Journal De Bruxelles - In Kyiv, EU chief says to give signal on Ukraine's hopes next week


In Kyiv, EU chief says to give signal on Ukraine's hopes next week

The European Commission will provide a clear signal next week on Ukraine's EU candidate status bid, its chief Ursula von der Leyen said Saturday, as fighting raged in the east and south of the country.


Zelensky has been pressing for rapid admission into the European Union as a way of reducing Ukraine's geopolitical vulnerability, which was brutally exposed by Russia's February 24 invasion.

But officials and leaders in the bloc caution that, even with candidacy status, actual EU membership could take years or even decades.

Von der Leyen, appearing alongside Zelensky during her second visit to Kyiv since the war began, did not hold out any promises, noting further reforms were needed.

For his part, the Ukrainian president warned it was a "decisive time" for his country and the EU.

"Russia wants to ruin the European unity, wants to leave Europe divided and wants to leave it weak. The entire Europe is a target for Russia. Ukraine is only the first stage in this aggression, in these plans."

Despite reservations among some member states, EU leaders are expected to approve Ukraine's candidate status at a summit on June 23-24, though with stern conditions attached.

- Crisis and famine -

The EU and the United States have strongly backed Ukraine, sending weapons and cash to help it see off Russian forces, and punishing Moscow with unprecedented economic sanctions.

Zelensky has urged them on during a continuous diplomatic offensive that has seen him appearing via video link at parliaments and summits around the world.

On Saturday, he warned the Shangri-La Dialogue security summit in Singapore of the dangers of a global food crisis posed by Russia's blockade of Ukraine's Black Sea ports.

He warned of "an acute and severe food crisis and famine", adding that the "shortage of foodstuffs will inexorably lead to political chaos" -- all of it "the direct consequence of the acts of the Russian state".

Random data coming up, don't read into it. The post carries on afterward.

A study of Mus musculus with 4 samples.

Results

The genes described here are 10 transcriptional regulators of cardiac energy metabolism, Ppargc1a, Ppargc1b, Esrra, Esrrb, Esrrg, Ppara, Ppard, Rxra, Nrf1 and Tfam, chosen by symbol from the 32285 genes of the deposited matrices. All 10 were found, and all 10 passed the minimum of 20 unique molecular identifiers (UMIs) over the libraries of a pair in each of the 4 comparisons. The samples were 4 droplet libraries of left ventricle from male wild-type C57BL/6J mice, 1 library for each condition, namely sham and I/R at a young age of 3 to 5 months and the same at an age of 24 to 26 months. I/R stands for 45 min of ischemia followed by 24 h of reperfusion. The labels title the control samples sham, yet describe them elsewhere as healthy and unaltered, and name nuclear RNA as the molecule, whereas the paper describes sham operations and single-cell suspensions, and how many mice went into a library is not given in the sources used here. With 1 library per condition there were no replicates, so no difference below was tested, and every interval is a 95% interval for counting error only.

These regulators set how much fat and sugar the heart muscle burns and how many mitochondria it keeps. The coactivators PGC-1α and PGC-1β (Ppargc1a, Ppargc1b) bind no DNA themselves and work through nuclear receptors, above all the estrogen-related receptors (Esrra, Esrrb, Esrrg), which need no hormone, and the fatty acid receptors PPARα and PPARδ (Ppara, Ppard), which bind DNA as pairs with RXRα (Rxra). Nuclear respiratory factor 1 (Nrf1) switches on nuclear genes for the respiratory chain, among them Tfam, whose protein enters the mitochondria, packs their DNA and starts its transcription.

Before the war, Ukraine was the world's top producer of sunflower oil and a major wheat exporter, but millions of tonnes of grain exports remain trapped due to the blockade.

Speaking to delegates including Pentagon chief Lloyd Austin and China's defence minister, Zelensky urged international pressure to end the blockade.

Kyiv is in discussion with the UN, Turkey and other countries to open a way to allow the grain exports, and Zelensky said the talks are focused on the "format" of the corridor.

- 'Devastate every city' -

After withdrawing from the capital Kyiv, Russian forces have concentrated their firepower on the eastern Donbas region and the south.

They continued their bombardment overnight Friday-Saturday of towns and villages around Kharkiv and in the Donbas regions of Lugansk and Donetsk, Zelensky's office said.

"Russia wants to devastate every city in the Donbas, every single one, without exaggeration," the president said in his nightly address Friday.

Moscow has particularly focused on the key eastern industrial city of Severodonetsk, which Lugansk regional governor Sergiy Gaiday said Saturday was "ruined" by Russian forces.

"This is their tactics -- people are not needed, the infrastructure is not needed, houses are not needed, everything should be simply ruined," he said in an interview posted on his Telegram channel.

He declined to estimate the number of civilian victims, but said he expected the figure would be "enormous and terrible".

"Many people were buried in front of their houses' entrances. A shell from heavy artillery is tearing people up into bits and pieces," he said.

He added: "They lie like this for a day, three or four. It is impossible to take them out because there is constant shelling."

In the Mykolaiv region near the front line in the south, regional governor Vitaliy Kim stressed the urgent need for international military assistance.

"Russia's army is more powerful, they have a lot of artillery and ammo. For now, this is a war of artillery... and we are out of ammo," he said.

British Defence Secretary Ben Wallace visited Ukraine on Friday, where Zelensky thanked London for its support.

Following Washington's lead, Britain announced the delivery of multiple rocket launcher systems -- with a range of about 80 kilometres (50 miles), slightly superior than the Russian systems.

It was not clear when Ukraine will be able to start using them.

- Russian passports issued -

In areas now controlled by its forces, Moscow has sought to impose its authority.

Authorities in the occupied city of Kherson in southern Ukraine handed out Russian passports to local residents for the first time on Saturday, news agencies reported.

Russia's TASS agency said 23 Kherson residents received a Russian passport at a ceremony through a "simplified procedure" facilitated by a decree signed by Russian President Vladimir Putin in May.

Ukraine has denounced the move as a "flagrant violation" of its territorial integrity, saying Putin's decree was "legally void".

It follows the introduction last month in the Kherson region of the Russian ruble as an official currency alongside the Ukrainian hryvnia.